Create hard times for yourself – so you can thrive. | 53/100

“Hard times create strong men,
Strong men create good times,
Good times create weak men,
Weak men create hard times.”


Look to the past to determine your future

The extraordinary historian Will Durant observed that nations often come to power embodying Stoic principles (self-reliance, pragmatism, grit) and collapse when they start to act like Epicureans (pleasure seeking, decadent, craving luxury). Dan Carlin calls this the ‘steel toe-capped boots/silk slippers’ theory of history.

I think we’re firmly in the ‘weak men/hard times’ part of the cycle.

I don’t think this invading horde of Mongols were worried about the number of likes they got on their last post.

One of my greatest beliefs is that we can learn about ourselves by examining the past and trying to apply its lessons. History proves that we stand the best chance of achieving all we want to achieve in this life by deliberately making things hard for ourselves.

Putting yourself in the furnace

That seems counter-intuitive. But we’ve got to try and forge ourselves somehow – and a soft, easy-going environment, where everything is available at the touch of a button, is never going to do that. Unfortunately, that’s the life most people (including myself) now lead. An easy life.

That’s not enough to fulfil us. We need adversity. We need challenge. We need heat. We need pressure. Otherwise we get soft and weak – incapable of getting things done, or making hard decisions.

Theodore Roosevelt threw himself into physical challenges, pushing further and further past his limits, to deal with emotional trauma – and strengthen his will. After losing his bid for a third term at the Presidency, he was plunged into a deep depression. He kicked it by trekking the Amazon, nearly dying in the process – but in a much better place mentally. (River of Doubt is an incredible piece of narrative non fiction, documenting this epic voyage).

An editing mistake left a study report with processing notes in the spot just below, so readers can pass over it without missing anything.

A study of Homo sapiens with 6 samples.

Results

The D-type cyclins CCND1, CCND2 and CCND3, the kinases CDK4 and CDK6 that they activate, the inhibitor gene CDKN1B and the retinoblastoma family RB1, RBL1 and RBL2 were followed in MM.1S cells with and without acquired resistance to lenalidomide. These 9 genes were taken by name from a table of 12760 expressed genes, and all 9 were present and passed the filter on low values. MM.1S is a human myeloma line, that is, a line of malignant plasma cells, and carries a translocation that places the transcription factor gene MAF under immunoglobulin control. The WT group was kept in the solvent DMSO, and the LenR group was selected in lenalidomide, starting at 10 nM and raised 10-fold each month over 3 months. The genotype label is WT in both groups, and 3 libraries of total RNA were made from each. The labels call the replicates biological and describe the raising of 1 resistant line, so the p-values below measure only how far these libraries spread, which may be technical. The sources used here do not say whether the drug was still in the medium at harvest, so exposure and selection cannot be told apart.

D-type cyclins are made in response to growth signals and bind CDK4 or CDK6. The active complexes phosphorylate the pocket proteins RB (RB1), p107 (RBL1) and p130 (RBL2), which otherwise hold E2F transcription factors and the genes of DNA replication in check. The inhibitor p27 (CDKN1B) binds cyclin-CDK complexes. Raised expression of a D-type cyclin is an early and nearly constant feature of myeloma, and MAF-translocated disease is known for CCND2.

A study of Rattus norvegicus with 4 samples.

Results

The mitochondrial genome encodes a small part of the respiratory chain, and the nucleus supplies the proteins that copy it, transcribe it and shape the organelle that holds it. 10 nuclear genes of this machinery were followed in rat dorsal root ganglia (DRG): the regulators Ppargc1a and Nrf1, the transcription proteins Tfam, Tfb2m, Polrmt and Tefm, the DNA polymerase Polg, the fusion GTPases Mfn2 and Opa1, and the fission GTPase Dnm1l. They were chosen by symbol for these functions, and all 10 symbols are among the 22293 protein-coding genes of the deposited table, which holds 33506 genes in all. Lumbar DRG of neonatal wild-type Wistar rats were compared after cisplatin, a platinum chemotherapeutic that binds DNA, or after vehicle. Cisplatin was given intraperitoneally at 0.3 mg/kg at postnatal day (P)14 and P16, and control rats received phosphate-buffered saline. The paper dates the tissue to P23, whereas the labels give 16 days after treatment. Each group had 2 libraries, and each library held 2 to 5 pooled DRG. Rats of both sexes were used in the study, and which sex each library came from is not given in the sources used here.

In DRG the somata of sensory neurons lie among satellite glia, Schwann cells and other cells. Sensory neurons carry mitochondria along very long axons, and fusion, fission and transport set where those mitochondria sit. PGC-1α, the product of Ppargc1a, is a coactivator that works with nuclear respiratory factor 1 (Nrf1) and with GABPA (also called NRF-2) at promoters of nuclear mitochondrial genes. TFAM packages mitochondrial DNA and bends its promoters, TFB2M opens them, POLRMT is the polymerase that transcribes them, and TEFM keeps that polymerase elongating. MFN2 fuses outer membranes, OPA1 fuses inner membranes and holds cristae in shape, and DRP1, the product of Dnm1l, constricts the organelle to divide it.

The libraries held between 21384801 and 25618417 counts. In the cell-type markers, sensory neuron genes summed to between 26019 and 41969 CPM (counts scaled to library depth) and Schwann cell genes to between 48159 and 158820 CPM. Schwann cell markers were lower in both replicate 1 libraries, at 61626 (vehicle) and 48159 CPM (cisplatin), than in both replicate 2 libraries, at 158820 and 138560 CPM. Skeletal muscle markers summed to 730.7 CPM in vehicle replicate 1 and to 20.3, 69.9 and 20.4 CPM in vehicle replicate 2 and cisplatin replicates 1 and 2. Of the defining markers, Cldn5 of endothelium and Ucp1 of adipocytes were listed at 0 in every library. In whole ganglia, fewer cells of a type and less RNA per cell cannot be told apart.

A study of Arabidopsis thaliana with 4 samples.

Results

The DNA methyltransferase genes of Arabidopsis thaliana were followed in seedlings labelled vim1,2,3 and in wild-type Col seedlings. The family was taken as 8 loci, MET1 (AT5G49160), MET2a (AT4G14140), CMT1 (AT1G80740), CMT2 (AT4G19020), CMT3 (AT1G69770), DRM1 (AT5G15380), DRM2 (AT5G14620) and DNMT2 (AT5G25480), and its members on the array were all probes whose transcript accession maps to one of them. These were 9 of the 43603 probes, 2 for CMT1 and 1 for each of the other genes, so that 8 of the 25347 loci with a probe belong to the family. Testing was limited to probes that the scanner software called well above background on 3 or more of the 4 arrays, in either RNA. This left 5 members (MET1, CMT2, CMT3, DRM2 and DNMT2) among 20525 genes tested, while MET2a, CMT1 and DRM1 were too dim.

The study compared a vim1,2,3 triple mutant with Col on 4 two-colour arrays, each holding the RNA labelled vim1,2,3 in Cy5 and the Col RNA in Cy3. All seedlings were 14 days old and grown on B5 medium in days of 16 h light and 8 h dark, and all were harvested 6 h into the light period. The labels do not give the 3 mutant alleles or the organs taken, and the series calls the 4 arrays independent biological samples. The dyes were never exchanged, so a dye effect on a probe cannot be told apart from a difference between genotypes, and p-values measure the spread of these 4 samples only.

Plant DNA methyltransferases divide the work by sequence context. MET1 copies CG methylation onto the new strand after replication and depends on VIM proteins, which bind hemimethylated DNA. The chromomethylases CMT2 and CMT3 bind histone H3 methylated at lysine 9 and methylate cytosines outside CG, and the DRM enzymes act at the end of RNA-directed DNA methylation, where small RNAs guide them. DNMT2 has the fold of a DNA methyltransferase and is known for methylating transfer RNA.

Of course, you don’t need to go to the ends of the earth to make things harder for yourself. We’ve got the means to make ourselves stronger right at our fingertips.

Three ways to strengthen your resolve:

  1. Strenuous physical exercise. Get out of your mind and into your body. Choose your poison: you don’t need an expensive gym membership. Pull-ups, push-ups, burpees, hill sprints. Run when it’s cold, when it’s raining – just push a little harder. Write down your workouts, and try to do a little more each and every session. With every rep, you’ll grow stronger, physically and mentally. Exercise leaves no room for your excuses – as Henry Rollins says, ‘the iron never lies’.
  2. Take cold showers. This may sound like a bad idea. It probably sounds extremely uncomfortable to you. Good. That’s why we’re doing it. Resist the urge to turn the heat up, and slowly expose yourself to colder and colder water for longer. We shower pretty much every day – so this is a great way to get comfortable being uncomfortable.
  3. Set yourself a challenging quota – and never miss a deadline. The actual number doesn’t matter. Nor does the task. The important thing is attaching some quantifiable measure to whatever you’re trying to do. That way you’ll know when you’re done. Whether that’s 500 words a day, 30 minutes of guitar practice, 5 cold calls to try and generate new business, or anything else. It doesn’t matter how good it is – it matters that you get it done, no matter how you feel. You just need a box to tick or a stopwatch to work to. That’s what I’m trying to do by committing to a blog post a day. We’ve got to be harsh taskmasters for ourselves – nobody else will be.